Not Rare Enough
Without recharging the batteries, no pictures are forthcoming from the little camera I brought along. I'd read such good reviews of this place. Brussel Sprout Soup? I'd had fantastic cabbage soup in frozen plastic bags, an excellent choice in many American grocery stores. Broccoli soup I'd made and enjoyed as take out. Kale soup was a regular part of my diet. So the sprouts should shine, right? Wrong.
The restaurant is called Rare and it was raved about.I was so cold from my two-block walk from bus stop, I immeditaely ordered a pot of tea. It did keep me from freezing, but it was hardly worth $3.50, unlike the spectacular vanilla tea I'd had recently at the Aurora Bistro. And I'm not used to ordering tea as a preliminary beverage before dinner.
The Amuse Bouche was a like a micro-lasagna, a layer-cake of root vegetables in a puree of parsnips. I didn't have to search for the essence of the vegetables, but nor was it overwhelming. There was an enchanting subtlety to the way their flavours appeared on my tongue. All my half century memories of turnips, and then something floating above them, a turnip diety I can follow. And this is just the amuse. The real would be fantastic, right? I tell the excellent server that this isn't amusing so much as thought-provoking.
So the brussel sprout soup appeared. Its brussels sproutness never did. I tasted the bacon, hard and flavourfull. The pickeled chanterelles too appeared as a pleasent texture and no unpleasent taste. But no brussels epiphany. No real flavour at all. I froze my nose off to walk two blocks for this? I sought to expand my consciousness of things to do with vegetables, but the vegetability of the soup was beyond my perception. It warmed me, but it was hardly worth a journey for. i try a piece of bread, of which the sever had spoken so highly. Sourdough, and special salt. I find it adequate to test chain saws, but hardly a match for my teeth. I soak a chunk in the soup, and eventually it is edible. Well, where is the brussel sprout flavour? It still eludes me.
I awaited the trout. Now, when was the last time you went to a good restauarant and had fish that tasted fishy? I didn't know that was possible any more, at least in Vancouver. Accross from Rare, one of my favourite Vancouver restaurants, A Kettle of Fish, where I've dined superbly in years gone by. Never a fishy piece of fish. Yet this was hideous! The accompanying potato-caper-lentil concoction was delicious, and the little smear of granulated mustard and carrot that should have cancelled whatever fishiness the trout had did not kick in until the glass of beujolais the server reccommended (vastly over-priced, though the trout would have been unedible without it). Their flavours blended slowly but naturally. The fish was never not fishy. In a restaurant in this league, I didn't know they could do this.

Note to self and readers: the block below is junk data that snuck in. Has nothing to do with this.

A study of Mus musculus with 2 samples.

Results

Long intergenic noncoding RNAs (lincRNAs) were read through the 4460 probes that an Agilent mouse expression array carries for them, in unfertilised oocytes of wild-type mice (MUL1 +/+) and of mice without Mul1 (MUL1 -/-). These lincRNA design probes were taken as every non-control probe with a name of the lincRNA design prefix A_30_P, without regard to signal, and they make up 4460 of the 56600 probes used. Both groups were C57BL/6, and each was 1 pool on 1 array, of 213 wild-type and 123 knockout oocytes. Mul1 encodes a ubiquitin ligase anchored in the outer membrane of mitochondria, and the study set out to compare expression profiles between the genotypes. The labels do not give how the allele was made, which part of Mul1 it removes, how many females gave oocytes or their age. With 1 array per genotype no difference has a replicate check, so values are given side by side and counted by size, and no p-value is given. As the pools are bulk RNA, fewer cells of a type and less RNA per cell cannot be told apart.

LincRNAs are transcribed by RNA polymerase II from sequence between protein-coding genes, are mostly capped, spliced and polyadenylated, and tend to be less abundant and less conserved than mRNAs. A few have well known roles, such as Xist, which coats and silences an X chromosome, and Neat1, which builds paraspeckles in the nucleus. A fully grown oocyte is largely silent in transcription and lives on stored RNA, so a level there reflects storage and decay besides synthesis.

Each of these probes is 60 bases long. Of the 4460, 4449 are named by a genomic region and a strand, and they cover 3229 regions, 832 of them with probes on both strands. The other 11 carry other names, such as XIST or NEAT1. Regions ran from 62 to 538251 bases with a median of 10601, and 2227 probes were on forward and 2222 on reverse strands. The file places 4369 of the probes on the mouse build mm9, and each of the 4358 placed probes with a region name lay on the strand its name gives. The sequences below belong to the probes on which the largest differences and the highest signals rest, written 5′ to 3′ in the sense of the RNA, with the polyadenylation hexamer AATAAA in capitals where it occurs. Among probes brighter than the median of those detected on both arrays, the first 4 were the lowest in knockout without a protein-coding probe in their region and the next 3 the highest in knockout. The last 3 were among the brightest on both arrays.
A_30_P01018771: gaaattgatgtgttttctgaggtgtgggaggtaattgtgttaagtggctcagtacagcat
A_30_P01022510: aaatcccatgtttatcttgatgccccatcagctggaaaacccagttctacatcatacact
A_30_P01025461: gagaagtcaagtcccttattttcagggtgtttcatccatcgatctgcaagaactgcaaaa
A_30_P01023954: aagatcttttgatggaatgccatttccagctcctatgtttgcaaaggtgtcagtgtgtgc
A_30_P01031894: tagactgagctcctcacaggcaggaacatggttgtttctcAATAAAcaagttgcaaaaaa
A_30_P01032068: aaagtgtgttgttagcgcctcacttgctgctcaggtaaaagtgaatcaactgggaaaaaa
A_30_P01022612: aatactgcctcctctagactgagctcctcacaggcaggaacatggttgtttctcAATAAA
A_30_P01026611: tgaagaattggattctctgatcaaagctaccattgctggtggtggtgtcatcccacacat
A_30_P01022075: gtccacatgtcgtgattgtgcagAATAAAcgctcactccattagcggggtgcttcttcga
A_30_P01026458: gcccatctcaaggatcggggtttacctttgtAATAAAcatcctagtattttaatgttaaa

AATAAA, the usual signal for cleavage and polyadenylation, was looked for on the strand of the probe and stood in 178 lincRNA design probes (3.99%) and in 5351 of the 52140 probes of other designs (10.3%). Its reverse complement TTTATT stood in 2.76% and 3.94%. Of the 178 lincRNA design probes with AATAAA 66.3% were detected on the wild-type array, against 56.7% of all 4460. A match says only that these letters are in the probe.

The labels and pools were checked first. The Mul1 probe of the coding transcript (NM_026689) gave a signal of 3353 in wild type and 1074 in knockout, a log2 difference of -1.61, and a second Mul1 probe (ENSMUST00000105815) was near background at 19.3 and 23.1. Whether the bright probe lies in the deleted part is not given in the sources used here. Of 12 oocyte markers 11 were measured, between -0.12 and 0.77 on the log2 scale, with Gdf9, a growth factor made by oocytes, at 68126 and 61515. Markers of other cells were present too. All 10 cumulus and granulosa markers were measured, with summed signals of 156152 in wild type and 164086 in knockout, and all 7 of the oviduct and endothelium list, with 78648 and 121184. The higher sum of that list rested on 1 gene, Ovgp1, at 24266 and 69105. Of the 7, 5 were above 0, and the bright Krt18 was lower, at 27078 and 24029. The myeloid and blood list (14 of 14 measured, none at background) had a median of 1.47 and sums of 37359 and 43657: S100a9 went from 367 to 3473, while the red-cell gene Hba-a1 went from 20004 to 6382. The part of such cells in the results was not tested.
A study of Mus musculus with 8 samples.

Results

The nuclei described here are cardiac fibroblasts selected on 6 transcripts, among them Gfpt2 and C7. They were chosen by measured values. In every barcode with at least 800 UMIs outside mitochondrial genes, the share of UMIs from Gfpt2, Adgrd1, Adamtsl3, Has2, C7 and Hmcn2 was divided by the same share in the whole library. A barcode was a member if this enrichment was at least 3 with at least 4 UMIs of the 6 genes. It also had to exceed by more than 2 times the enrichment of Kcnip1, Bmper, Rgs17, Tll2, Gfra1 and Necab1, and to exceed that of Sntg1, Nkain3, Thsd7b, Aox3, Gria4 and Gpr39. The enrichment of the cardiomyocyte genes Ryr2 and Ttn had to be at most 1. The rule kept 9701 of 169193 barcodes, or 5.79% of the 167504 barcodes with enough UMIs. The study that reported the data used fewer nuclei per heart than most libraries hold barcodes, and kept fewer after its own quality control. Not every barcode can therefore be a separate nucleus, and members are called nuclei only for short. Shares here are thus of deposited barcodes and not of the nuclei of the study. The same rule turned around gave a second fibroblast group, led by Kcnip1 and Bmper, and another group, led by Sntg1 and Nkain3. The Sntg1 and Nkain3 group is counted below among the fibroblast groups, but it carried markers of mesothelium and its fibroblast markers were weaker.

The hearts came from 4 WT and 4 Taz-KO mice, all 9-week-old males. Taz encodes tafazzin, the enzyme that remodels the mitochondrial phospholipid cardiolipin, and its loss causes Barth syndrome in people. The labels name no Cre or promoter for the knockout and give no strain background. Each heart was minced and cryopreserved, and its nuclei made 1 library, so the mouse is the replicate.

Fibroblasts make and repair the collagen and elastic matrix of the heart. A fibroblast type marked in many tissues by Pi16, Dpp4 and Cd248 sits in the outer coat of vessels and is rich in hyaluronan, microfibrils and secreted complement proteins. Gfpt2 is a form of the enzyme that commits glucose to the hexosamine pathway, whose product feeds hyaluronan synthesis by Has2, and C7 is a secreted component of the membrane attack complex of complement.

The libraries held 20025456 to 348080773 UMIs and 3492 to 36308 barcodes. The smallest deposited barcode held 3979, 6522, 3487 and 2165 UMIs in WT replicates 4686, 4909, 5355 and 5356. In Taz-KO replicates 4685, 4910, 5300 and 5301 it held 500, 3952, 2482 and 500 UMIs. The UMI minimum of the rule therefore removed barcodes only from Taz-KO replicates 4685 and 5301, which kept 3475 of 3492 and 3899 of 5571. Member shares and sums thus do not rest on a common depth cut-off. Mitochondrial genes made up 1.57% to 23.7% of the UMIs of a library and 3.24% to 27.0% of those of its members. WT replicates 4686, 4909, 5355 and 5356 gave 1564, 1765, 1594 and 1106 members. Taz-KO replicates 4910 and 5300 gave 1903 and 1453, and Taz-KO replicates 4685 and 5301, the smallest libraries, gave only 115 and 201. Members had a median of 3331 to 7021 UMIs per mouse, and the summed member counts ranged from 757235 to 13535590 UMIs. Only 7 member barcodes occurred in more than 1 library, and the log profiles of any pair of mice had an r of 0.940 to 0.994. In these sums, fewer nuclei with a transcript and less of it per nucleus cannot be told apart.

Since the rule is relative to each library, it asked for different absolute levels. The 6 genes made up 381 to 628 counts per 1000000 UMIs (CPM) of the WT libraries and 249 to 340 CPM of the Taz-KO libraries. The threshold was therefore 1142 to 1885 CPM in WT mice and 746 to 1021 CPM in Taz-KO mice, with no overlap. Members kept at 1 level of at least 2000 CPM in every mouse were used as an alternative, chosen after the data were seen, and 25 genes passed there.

Several days later, today, I baked a piece of trout from the President's Choice freezers at my local, vast Superstore. It was completely devoid of fishiness. It was also a small fraction the price of the trout at Rare. Frozen supermarket fish tasting vastly better than expensive restaurant fare? What's wrong with that sentence?
Apparently, somebody has good food here as Rare continues to exist, so I won't argue with those who have dined well here. The amuse bouche was wondrous and the lentil potato thingie showed real potential. The fish, however; it seemed more likely to kill me with its sheer fishiness than I to enjoy a morsel of its reeking mortality.
Before it's chefs can speer and undercook you, flee!